After writing two books on art journaling, then going back to school to study poetic medicine, the question I get asked frequently is, “Have you given up on art journaling?” Interesting question. I am not “giving up” on art journaling, but I am not following the flow of painting a page heavily and writing a single word on it, or copying an affirmation. It’s not me.
I’m interested in improving my sketching skills, so I am practicing blind contour drawing. I look at something in front of me and draw exactly what my eyes see, without looking at the page. It’s great practice in eye-brain-hand coordination and I find it fun and interesting. When I travel, I usually sketch while waiting for my meal, so my journals fill up with glasses of ice tea, salt shakers, and empty butter dishes. I ask waitstaff to take away bread baskets, so, none of those.
I’m practicing letter forms, so my journals fill up with letters I haven’t found a pleasing way to shape yet: I, J, R, and V are my biggest stumbling shapes.
The other problem I have is space. My carry-on is already filled with items I need for class and don’t want to put in a carry-on, in case it gets gate-checked: the instructor’s book, the clicker for the projector, the file of reservations, hand cream, eye drops, a book to read, diabetic-safe food for snacks or a missed meal, glasses. Not a lot of extra space. Sometimes there is also partially completed poetry homework and some Stow-Away Poetry.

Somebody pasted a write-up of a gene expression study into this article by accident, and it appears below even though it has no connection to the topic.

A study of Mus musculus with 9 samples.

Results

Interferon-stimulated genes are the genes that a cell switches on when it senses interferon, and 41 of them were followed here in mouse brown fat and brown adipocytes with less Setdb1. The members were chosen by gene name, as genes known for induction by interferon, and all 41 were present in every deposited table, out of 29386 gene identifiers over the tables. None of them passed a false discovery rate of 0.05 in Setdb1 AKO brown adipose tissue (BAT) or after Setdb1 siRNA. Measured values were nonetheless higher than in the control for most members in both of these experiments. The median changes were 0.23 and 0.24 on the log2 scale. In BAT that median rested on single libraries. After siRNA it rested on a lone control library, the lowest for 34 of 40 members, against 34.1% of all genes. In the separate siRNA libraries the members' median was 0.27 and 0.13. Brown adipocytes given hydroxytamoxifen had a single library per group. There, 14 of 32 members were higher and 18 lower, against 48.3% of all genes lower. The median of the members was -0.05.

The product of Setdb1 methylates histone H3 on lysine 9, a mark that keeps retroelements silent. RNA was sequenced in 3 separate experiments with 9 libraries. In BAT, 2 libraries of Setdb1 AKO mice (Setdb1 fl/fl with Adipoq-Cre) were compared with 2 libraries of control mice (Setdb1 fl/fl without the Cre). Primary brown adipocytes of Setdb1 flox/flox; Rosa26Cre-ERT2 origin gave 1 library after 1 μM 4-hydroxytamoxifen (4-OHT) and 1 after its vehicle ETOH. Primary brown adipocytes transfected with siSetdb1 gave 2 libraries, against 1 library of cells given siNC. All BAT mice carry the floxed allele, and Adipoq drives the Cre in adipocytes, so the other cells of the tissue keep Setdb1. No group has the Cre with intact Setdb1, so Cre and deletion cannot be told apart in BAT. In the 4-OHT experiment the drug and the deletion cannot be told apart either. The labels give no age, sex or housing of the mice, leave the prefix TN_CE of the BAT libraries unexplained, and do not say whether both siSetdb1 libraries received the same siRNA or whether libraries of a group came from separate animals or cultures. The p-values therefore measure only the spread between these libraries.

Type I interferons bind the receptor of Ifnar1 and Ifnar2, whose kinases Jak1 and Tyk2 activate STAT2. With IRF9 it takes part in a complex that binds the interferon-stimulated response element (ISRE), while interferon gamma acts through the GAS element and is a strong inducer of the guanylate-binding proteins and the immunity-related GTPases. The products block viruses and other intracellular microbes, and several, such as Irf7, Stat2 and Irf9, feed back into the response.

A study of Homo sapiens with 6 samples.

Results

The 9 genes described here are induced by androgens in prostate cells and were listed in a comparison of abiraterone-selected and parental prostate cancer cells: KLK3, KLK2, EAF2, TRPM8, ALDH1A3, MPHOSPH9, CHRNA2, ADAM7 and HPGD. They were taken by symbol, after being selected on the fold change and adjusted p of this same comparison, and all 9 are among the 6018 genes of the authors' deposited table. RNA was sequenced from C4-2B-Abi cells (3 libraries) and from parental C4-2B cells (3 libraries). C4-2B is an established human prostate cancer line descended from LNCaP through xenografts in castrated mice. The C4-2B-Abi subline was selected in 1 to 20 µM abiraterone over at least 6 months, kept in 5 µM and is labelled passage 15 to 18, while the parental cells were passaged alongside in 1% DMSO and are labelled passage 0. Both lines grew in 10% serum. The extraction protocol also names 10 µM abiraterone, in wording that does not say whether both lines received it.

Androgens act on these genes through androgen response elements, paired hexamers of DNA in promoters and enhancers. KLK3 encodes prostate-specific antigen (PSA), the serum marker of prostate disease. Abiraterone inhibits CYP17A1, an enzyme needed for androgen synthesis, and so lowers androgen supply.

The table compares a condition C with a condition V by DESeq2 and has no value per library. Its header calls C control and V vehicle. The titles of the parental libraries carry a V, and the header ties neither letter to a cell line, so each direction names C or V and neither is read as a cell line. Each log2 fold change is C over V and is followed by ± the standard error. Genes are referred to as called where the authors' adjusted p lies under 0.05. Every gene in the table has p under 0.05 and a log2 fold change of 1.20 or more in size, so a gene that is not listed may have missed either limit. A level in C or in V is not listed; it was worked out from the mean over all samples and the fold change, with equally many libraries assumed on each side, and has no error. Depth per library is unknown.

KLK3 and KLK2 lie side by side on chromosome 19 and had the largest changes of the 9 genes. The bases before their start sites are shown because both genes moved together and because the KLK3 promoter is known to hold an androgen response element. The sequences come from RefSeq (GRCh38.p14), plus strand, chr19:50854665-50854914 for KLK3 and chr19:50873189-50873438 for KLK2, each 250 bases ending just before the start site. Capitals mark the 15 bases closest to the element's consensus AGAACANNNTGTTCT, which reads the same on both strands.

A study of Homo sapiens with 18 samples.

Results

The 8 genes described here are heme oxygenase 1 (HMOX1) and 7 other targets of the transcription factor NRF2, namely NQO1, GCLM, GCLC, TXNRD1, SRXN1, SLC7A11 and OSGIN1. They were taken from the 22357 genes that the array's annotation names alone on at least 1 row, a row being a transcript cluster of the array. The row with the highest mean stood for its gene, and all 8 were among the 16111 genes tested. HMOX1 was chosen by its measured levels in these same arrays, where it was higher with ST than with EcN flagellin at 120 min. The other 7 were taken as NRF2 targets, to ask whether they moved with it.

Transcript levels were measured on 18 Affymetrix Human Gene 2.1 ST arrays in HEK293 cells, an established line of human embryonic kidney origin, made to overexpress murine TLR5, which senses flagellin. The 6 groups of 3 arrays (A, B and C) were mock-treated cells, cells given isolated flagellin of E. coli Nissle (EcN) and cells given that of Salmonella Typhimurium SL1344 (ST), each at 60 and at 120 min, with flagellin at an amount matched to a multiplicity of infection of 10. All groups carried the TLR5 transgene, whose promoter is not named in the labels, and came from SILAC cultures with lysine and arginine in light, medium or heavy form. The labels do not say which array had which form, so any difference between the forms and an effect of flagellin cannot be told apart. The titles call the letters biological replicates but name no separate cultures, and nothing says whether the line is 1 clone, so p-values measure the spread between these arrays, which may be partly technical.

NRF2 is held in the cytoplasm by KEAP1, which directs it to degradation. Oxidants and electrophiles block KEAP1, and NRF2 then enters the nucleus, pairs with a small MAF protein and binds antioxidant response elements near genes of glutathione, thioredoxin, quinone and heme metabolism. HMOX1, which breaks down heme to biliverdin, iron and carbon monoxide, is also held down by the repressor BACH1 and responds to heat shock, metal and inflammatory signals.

One of the problems I wrestle with is a journal that I can work in comfortably. I like to work on free-standing pages (a lot of my ideas on that topic is in the DVD North Light filmed.)
A few days ago, poking around in a
junk antique shop, I found an interesting journal. It was two hardbound covers with rivets in it. Each page has two holes, and the binding is a piece of sturdy twine. The binding allows me to add pages that I work on independently. Blank pages in different kinds of paper fit in the travel folder and I can work on them when I want. The twine binding allows for adding and taking out pages.
Even better, it’s entirely possible that I can create a new cover when this book fills up. I’m excited about this way of journaling again. One of the reasons I want to keep those not-very-good letter practices and blind contours is to watch myself get more skilled. Practice is the only way to do that. And I’m doing more of it.
Oh, poetry? I’m writing quite a bit of it, and working on ways to incorporate it on those journal pages. I’ll share when the poems aren’t quite as personal.
Meanwhile, I’m secretly thrilled that the first poetry class I’m teaching is filled within six days of advertising the class. I had no idea people were that interested in playing with words.
—Quinn McDonald is a writer who teaches writing and writes poetry.